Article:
In Every Mirror She’s Black by Lola Akinmade Åkerström

Have you seen an Oprah Winfrey in Sweden?

No? Then you can’t be great here. Black people can’t make it in Sweden – This is what they meant to tell Kemi, but Kemi needed to experience it for herself. In this book, Lola showed how skin color precedes anything else.

And for you to be more than your skin color, you need to do a lot more to be seen, be a lot more.

The title “In every mirror she’s black” aptly encapsulates the story of all three women, Kemi, Brittany, and Muna.

Kemi, a highly sought-after marketing strategist in the USA, ended up in a mundane role in Sweden. She isn’t sure why the biggest marketing firm has poached her as a Global and diversity director, but she just wants out of her current company and yearns for a fresh start somewhere, and Sweden seems to present itself as a viable option.

Unfortunately for Kemi, her worst fears were confirmed. She was only a redundant body in a ceremonial role. Jonny poached Kemi for her skin color to represent diversity in a predominantly white company. It wasn’t for her brilliance; neither was it for her experience.

It was for her skin color.

They wanted to look diversified, and black seemed to be the color that screamed diversity in a white-dominated company, in fact, in a company full of only white people.

Brittany -Anne, a flight attendant, seemed to have her life put together; a black lawyer fiancé ready to marry her, understands her routine and can take care of her. It all seemed perfect until this white man named Jonny bulldozes his way comes into her life and distorts her well-put-together, or, let me say, best-laid plans.

For Britanny, Jonny wasn’t just a money bank; he was a safety net, something that gave her stability. And most importantly, it was the fierce way in which she thought he loved her that made her move to Sweden and get married to him. And again, for Jonny, what he saw was a skin color that looked like something from his past he wanted to preserve. A fetish.

Muna’s story was the saddest for me, and I particularly enjoyed hers. A refugee struggling to make it in Sweden with her past as her second shadow working as a cleaner in Jonny’s office in Sweden.

This story is well told. I liked how Lola managed to tell the stories of these three women from their own points of view without confusing us. My worry was why Lola had to make these three women connected to this one man, Jonny.

Jonny was not just a passing event in their lives; he was pivotal.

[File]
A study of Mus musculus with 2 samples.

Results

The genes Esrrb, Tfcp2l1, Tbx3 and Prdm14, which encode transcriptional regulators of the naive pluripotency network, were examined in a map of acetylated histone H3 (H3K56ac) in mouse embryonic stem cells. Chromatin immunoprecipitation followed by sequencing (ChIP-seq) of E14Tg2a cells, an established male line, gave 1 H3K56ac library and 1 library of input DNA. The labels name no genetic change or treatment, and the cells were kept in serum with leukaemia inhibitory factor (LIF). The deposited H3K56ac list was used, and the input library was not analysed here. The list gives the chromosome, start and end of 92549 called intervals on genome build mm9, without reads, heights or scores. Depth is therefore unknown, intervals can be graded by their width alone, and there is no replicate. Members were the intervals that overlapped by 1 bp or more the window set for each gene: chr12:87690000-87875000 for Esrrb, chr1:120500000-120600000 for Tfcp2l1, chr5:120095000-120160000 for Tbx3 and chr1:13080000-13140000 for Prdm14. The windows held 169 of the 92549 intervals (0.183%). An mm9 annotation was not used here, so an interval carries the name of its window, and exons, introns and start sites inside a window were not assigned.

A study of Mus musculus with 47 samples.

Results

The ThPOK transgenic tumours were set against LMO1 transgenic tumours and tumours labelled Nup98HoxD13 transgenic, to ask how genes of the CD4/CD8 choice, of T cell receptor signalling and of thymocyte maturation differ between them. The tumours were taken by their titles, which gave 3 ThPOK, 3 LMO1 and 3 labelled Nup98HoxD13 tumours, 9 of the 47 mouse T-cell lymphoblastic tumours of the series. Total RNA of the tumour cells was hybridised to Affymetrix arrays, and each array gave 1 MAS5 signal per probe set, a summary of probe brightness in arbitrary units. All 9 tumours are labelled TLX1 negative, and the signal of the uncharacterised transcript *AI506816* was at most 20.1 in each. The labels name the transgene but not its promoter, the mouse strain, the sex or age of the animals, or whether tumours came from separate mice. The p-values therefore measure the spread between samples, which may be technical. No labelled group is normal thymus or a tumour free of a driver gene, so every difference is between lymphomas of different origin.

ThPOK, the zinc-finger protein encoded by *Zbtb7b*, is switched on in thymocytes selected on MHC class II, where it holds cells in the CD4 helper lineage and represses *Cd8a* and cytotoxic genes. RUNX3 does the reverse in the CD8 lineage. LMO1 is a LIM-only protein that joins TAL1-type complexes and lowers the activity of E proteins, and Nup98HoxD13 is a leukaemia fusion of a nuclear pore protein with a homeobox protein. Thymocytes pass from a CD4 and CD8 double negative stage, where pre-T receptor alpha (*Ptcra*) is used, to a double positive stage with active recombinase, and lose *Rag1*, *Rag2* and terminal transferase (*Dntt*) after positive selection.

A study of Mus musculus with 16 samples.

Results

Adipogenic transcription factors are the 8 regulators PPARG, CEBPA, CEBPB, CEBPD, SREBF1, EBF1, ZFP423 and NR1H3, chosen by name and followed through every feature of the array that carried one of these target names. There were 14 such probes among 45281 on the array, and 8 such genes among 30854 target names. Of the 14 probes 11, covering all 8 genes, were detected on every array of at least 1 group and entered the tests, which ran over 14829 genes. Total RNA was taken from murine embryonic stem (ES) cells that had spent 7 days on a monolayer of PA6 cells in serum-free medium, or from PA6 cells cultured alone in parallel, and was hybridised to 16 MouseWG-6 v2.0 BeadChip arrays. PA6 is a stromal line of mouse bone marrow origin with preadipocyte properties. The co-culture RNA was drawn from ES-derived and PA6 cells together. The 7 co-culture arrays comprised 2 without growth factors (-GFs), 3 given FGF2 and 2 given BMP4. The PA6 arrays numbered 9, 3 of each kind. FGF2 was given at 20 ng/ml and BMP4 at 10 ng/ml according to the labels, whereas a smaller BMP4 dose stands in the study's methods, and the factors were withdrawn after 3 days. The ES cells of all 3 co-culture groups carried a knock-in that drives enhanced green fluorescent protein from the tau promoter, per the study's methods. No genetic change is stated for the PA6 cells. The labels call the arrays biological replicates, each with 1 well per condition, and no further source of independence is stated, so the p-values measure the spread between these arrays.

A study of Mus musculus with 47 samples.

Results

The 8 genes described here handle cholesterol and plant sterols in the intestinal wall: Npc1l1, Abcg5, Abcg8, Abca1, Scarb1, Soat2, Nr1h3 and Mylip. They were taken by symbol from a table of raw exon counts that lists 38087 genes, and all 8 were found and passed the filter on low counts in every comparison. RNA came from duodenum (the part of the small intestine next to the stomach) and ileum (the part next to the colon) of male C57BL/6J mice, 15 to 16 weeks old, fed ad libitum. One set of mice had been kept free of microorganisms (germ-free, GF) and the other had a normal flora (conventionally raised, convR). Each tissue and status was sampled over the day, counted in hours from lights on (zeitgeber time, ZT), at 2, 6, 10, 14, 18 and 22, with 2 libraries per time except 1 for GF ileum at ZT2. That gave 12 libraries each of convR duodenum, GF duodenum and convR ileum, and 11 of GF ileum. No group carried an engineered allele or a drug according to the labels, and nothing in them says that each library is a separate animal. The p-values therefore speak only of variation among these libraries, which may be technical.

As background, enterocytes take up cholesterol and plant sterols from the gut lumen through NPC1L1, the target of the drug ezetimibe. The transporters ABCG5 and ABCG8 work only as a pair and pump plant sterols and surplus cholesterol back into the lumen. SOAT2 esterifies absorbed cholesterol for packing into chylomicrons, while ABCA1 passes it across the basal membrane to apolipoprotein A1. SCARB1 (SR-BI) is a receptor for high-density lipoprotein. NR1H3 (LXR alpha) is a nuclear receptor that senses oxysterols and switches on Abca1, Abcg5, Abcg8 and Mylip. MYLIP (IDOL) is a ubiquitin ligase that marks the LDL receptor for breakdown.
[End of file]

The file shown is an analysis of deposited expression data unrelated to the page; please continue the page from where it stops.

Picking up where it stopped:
For Brittany, he represented stability, for Kemi, he represented a clean start from America, and for Muna, he represented a savior and a benefactor somehow.

For a book that centered on racism, she sure made the white man indispensable and pivotal.

I know Lola said in the author’s note that she isn’t trying to link Johnny’s behavior to autism. But, she was trying to build a complex character in a way that would create awareness about special needs kids. Here, I didn’t think Jonny had an undiagnosed condition.

If anyone thinks so, please share.

Anyway, I think it is just a way of not taking responsibility for anything. He messed up Brittany’s life. He was in love with someone Brittany was a container for and made her believe that it was she he adored. It was how Lola sort of shifted the responsibility of Jonny’s behavior from Johnny to his parents and family that irked me. As though he was justified in his behavior, in his attitude to her and also as though his parents’ attitude suddenly had an explanation, and so everything made sense, and they weren’t at fault.

I know Lola left a message in her author’s note that she isn’t trying to justify any behavior, but the book said otherwise.

The ending was unpredictable, but for me, it sort of just wrapped up nicely like a neatly tired bow.

The language is simple and easy to understand. It is well structured and balances your emotions just fine.

Themes

  • Love
  • Family
  • Immigration
  • Racism
  • Suicide
  • Possessiveness
  • Inadequacy

Favorite quotes

✨ Privilege comes in levels, Brit,” he continued. “You have the Privilege he has given you. But you will never have the Privilege he has just because he breathes.

✨Being a Black woman didn’t automatically mean she was professionally qualified to handle race relations and gender issues on a corporate level.

✨ Ragnar didn’t care about her. He was married to his first choice. He was just another Connor who wanted to sample her like cheese handed out on toothpicks.”

✨ Silence is a slow, poisonous death.

✨ In Alexandria, he’d learned how to taste her just right. In London, he’d learned how she wanted foreplay. In Miami, he’d perfected his rhythm against her. In New York, he’d learned how to scrub her back in a bathtub to make her purr like his cougar. Their joke. In Los Angeles, she’d demanded he show her what he liked, and he’d died a painful death from pleasure.